By Chris Highland
"You shall possess the good of the earth and sun . . . You shall no longer take things at second or third hand, nor look through the eyes of the dead, nor feed on the spectres in books, You shall not look through my eyes either, nor take things from me, You shall listen to all sides and filter them from your self. "~ Walt Whitman, "Song of Myself" 2
It seems wise to consider that any question about the future of Humanism as a viable alternative must (naturally) parallel the larger question of the future of Humanity itself. Do we "believe" in the continuing evolution of the human species? To put it more humanistically, how do we see the unfolding history of human life on earth? Facing ethical concerns the inquiry becomes: Is the human community capable of improving, growing, developing in creative new ways that will preserve not only our species but our neighbor species with whom we share this revolving rock of beauty spinning through sidereal space? And, for good measure, does Human-ology trump Theo-logy in the short and long term?
Any individual human who audaciously offers to comment on the whole family of homo sapiens must admit to being grounded someplace, carrying pocketed presuppositions to the discussion. As a former minister who emerged from early Evangelical and Pentecostal experience to become a Presbyterian minister before leaving the Church and ordination to become a Freethinker who finds Nature the best teacher, classroom, and sanctuary, I undoubtedly have a well-worn backpack full of pre-conceived notions! Indeed, for the humanistically inclined, "what's in your pack?" becomes a fossil-bone of contention with fellow crewmates on the earthship who appeal to other-than-natural opinions about who we are, what we must do, and why we are here.
In significant ways the Humanist can join a rational conversation about the who and the what but not so much the why. The Humanist generally considers the why to be at best a distraction, a sleight of hand or head, that ends up in theological debates with no end, let alone purpose. As for purpose, "meaning" isn't it reasonable to set the ground rules as soon as possible -- that is, the principles that ground us on the same earth, breathing the same air, drinking the same water of which we are made, sharing the same food sources? In other words, we need common guidelines of respect for our "household rules" (one origin of the word ecumenical) that will determine and define our "meaning" for our time. It seems reasonable that the guiding principle of Respect itself (similar to Schweitzer's "reverence for life") is a good place to start, and perhaps the best place to end.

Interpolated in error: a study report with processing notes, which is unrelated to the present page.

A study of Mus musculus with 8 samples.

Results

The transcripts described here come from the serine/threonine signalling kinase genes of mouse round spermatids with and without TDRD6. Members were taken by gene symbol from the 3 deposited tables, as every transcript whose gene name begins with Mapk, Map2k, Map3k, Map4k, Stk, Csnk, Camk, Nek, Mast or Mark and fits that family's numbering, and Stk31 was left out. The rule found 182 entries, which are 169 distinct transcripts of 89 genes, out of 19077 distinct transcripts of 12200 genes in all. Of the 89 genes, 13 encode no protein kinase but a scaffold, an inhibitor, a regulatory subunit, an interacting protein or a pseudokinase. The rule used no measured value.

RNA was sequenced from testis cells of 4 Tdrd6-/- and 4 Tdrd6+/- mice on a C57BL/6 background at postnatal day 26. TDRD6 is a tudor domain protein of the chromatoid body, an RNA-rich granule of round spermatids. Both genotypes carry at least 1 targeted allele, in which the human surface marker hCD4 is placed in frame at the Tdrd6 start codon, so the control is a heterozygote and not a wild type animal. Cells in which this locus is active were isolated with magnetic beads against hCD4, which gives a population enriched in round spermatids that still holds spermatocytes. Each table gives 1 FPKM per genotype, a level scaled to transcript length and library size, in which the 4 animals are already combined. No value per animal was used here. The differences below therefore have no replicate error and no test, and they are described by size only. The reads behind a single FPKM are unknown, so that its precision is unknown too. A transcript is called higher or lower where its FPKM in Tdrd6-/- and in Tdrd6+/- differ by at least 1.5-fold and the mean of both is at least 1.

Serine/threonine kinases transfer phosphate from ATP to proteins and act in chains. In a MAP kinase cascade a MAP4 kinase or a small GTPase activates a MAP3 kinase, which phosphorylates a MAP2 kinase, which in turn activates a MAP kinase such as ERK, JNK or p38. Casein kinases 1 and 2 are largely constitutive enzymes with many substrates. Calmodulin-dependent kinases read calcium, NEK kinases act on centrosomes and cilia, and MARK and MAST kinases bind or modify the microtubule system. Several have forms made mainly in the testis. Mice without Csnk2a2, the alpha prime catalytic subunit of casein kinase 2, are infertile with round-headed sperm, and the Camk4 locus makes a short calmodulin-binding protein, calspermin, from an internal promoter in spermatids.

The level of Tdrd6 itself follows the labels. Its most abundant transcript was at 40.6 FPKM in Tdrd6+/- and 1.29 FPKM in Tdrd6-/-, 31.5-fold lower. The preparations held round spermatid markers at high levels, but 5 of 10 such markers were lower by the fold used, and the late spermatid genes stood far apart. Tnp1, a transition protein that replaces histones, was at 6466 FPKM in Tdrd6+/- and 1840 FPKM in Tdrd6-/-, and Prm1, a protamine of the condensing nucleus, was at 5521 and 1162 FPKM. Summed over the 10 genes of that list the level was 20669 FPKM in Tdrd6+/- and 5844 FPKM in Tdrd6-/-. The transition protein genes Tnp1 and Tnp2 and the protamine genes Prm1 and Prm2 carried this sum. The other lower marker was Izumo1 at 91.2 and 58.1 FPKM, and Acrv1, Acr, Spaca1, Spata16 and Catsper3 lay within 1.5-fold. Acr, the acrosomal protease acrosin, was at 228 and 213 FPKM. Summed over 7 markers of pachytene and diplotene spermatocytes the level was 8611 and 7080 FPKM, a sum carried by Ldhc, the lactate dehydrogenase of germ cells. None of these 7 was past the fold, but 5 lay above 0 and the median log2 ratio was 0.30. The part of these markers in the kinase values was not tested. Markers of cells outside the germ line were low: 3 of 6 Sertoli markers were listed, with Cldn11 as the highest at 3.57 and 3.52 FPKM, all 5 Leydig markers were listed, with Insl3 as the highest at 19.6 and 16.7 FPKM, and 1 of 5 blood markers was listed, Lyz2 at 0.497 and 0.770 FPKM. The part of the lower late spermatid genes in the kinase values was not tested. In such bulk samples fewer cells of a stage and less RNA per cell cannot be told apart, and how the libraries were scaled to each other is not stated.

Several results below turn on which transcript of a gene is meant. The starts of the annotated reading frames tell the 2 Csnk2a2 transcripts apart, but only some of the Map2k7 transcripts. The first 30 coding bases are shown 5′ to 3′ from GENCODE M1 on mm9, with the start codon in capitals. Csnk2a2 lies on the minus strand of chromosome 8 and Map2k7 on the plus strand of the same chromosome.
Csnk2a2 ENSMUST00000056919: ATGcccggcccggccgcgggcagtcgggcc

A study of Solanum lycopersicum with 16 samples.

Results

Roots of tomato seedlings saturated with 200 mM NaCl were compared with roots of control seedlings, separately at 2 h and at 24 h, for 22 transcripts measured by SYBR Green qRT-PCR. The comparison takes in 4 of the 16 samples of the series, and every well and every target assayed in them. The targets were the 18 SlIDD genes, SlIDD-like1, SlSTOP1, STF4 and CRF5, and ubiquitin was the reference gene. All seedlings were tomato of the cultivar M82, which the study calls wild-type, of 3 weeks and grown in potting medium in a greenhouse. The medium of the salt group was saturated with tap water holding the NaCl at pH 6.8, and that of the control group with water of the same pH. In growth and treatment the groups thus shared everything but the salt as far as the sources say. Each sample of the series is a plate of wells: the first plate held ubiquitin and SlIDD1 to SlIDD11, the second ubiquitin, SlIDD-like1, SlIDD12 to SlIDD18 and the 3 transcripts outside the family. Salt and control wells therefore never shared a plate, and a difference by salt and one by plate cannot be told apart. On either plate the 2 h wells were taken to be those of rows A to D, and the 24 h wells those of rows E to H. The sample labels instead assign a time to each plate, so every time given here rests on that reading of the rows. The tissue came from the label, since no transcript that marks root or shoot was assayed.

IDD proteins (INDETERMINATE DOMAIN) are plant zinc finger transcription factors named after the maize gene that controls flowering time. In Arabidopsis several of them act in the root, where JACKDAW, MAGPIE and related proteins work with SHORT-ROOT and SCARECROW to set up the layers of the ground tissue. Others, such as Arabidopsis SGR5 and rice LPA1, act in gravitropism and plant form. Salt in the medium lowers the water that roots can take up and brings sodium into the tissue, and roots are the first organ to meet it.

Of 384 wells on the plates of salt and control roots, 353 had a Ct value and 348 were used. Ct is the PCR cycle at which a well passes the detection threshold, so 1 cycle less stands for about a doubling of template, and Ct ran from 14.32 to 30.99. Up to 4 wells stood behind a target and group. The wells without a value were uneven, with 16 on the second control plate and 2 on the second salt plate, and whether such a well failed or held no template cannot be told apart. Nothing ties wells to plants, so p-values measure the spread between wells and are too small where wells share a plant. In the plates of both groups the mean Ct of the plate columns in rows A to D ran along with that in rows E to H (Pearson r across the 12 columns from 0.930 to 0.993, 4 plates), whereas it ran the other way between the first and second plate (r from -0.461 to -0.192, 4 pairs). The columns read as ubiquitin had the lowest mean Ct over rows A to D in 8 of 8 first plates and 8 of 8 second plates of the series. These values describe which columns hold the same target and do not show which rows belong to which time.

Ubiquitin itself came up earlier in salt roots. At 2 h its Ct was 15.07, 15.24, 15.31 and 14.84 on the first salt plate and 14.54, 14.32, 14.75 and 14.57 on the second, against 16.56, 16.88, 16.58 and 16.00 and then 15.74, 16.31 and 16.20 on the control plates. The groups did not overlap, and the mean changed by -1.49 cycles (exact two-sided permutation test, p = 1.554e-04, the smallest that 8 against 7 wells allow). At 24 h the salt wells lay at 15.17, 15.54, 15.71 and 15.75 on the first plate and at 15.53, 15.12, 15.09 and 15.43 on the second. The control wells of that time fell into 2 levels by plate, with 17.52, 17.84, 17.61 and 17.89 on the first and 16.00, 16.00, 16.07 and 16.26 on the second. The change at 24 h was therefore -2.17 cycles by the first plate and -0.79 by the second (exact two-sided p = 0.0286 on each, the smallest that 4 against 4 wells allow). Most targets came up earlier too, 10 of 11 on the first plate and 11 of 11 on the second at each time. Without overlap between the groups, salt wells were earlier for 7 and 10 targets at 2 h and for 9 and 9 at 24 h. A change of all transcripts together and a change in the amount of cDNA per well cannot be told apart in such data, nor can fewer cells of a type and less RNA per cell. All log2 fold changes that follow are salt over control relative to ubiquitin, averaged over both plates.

In my "post-Christian" life after faith I have participated in a small part of what Robert F. Kennedy pointed to in his famous line, "Most people see things as they are and say, Why? I see things as they could be and say, Why Not?" Serving for two years as the director of a winter emergency shelter, I managed to organize and coordinate dozens of congregations with hundreds of volunteers to open their doors and floors to homeless folk. Did it matter that I was not religious, or that volunteers and staff represented all faiths and no faiths? No. The doors still opened and human beings were welcomed.
There are countless examples of people working together with a sense of compassionate justice to help other people, as well as wildlife, forests, rivers, oceans. Is this an option anymore? It seems clear that the human future, interlaced as that is with the future of all life, is completely dependent on whether we choose the secular or the sectarian. Do we continue to squabble and war over which land or river, heaven or holy book is best or holiest? Will we always be divided in mind or body by borders, barriers, fences, and walls? Freethinkers see the power of choice (one definition of heresy) and fearlessly choose -- or so we intend. This isn't simply cold Science, it's passionate common sense.
It may be true that Humanists are fundamentalists about this one thing: there is (some would say "may be") no God, but there is Good. As the Harvard Humanist Chaplain Greg Epstein writes, "[It] is truly a sin to go on fixating on our petty little differences over territory, sexual morality, and other theological minutia while failing to acknowledge that there can be no greater ethical failure than allowing any of our differences -- religious or secular -- to make this scene [the future destruction of the human race] one day truly come to pass (Good Without God, p. 150).